Wolverhampton to Manchester

Sometime ago I thought it would be a good idea to ride from Wolverhampton to Lancaster, on my Trek Cobia 29er, completing the whole ride as much as possible along the canal towpaths. Realising that this ride would be well over 200km I put it on hold, but then my fiancee booked a taster session at the Manchester Velodrome so an alternative plan was hatched. I could cycle from Wolverhampton to Manchester and get a lift home. I created a route for my Garmin, just in case, finding it to be approximately 140km. Easy, I thought to myself. I booked a place on the train for me and the bike, cheapest option leaving Lancaster at 7am, arriving in Wolves at 8.30. I was worried that this would leave me too much time in Manchester waiting for Helen to arrive. To spice the ride up a bit, I wasn’t feeling great with a temperature and general flu like symptoms, but I expected the ride to be nice and gentle with smooth paths and plenty of cafes the whole way, much like it was near my starting point.


To cope with the poor surface I had unlocked my front suspension, unfortunately the Rock Shox must have a leak as the pressure dropped and dropped until the was no air in them at all. I pulled them back up and locked them again. When I reached the town of Stone the surface did improve a little, not as good as at the start, but better than rough grass. I tried to lift my pace to make up for lost time as I skirted Stoke and reached Kidsgrove, where I had to detour onto the road as the canal went into the Harecastle tunnel, which is 2.8km long.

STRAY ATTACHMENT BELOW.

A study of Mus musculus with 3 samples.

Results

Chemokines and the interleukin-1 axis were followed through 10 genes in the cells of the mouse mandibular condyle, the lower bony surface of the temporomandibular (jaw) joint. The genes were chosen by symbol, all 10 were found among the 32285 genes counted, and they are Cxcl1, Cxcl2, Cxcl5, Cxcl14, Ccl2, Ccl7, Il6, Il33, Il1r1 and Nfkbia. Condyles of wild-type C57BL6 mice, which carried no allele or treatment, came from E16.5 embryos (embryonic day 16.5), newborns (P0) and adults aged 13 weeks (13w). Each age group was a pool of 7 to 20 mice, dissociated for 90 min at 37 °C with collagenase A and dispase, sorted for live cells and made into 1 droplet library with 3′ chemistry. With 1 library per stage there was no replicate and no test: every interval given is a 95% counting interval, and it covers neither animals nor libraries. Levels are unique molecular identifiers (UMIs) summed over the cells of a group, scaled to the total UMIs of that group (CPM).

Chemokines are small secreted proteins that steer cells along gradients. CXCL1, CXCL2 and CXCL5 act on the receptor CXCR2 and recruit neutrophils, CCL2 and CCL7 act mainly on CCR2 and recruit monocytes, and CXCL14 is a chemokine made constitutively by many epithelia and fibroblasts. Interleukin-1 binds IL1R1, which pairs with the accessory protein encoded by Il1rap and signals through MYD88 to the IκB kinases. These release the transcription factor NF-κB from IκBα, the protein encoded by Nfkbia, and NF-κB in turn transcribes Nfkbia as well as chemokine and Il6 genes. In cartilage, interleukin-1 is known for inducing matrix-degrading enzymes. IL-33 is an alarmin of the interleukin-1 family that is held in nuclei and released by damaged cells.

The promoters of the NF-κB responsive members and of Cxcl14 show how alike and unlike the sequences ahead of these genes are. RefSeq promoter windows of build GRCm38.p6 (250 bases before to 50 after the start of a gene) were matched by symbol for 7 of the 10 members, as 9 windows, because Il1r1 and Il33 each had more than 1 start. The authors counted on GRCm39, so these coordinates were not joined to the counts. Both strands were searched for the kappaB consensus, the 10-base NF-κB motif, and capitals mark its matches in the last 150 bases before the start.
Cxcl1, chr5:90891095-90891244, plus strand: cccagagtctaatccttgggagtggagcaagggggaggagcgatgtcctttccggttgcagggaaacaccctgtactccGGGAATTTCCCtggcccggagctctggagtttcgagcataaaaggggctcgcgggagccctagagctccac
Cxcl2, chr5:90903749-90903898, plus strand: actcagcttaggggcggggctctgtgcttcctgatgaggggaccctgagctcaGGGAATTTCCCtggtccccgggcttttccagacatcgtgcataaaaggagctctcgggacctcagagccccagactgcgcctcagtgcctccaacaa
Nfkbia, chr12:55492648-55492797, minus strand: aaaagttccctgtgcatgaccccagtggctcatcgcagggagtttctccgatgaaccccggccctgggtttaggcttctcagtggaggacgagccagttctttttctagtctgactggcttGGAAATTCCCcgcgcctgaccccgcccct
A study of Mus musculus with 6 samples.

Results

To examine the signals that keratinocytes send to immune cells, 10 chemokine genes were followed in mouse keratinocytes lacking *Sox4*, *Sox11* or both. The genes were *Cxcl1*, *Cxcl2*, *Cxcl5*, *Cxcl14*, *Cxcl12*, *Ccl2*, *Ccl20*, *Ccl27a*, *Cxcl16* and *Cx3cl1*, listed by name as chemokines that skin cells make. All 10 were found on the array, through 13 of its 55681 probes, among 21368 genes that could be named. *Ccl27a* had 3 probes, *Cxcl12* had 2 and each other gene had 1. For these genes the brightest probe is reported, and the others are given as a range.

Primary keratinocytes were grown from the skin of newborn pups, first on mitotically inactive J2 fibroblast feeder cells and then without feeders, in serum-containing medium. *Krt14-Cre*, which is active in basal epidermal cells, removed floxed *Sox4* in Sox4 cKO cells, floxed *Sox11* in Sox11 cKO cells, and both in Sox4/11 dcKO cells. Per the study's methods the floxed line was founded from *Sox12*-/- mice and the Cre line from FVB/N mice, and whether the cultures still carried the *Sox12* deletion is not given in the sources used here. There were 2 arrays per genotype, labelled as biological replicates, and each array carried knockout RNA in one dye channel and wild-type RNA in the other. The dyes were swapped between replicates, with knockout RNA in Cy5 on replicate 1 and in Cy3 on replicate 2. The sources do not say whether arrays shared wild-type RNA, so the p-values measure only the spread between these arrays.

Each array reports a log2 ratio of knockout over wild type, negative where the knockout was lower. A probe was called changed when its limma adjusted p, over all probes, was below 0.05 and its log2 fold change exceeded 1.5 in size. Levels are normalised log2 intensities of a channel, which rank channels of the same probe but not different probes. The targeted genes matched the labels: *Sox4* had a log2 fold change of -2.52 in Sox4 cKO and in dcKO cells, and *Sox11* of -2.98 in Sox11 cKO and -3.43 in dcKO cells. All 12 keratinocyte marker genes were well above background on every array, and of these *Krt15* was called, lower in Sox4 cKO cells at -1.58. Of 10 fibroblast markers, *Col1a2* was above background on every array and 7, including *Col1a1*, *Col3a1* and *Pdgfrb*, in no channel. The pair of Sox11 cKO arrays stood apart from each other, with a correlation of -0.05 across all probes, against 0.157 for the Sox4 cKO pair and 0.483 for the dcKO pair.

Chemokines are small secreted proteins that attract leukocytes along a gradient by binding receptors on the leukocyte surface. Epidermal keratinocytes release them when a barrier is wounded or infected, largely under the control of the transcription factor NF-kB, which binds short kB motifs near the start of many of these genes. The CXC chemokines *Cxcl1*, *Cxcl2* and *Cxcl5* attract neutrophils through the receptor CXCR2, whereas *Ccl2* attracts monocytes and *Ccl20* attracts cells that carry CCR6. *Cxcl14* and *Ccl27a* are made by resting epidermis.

Once I had found the canal again I was alarmed to see that my Garmin was telling me that I was off course. How could I be off course, I’m cycling alongside the canal. My Garmin was telling me that I was getting further and further off course, when I remembered that there was a junction with the Macclesfield Canal that I should have taken. I back tracked half a km and joined the correct canal, which inevitably was grass once again.

The Macclesfield Canal is one of the only canals to have snake bridges, which allow horse to cross from one side of the canal to the other without having to be un-hitched, which is very clever, but the wet cobbles were not much fun for me. I would have liked to have taken a photo, but my phone wasn’t happy with the rain. I also had the Waterways Guide from here so I knew that the numbers on the bridges would count down to 1 over the 28 miles of this section of canal. The first bridge I came to was number 95. Long way to go.

When I reached Macclesfied I stopped to refuel, chocolate and Vimto. Only another ten miles to the next canal, the Ashton Canal. This canal started off brilliantly with a whole series of downhill locks with a good surface before crossing the Marple Aqueduct.




I can honestly say that this was one of the hardest rides I have ever done, although if I hadn’t felt so rough to begin with it would have been a lot easier. Upside is that I added another 114 explorer tiles from Veloviewer and increased my metric Eddington score up to 139km.


Despite some half hearted assurances last month that I would blog a bit more often, it hasn’t happened. So here is a quick recap of what I’ve been up to in July.


In total I cycled 1251.2 km with 12622m of elevation, and ran 201.2 km with 3978m of elevation. I have now completed 242 Strava challenges, although I have picked up a heel injury so it looks like I will be doing far less running in August.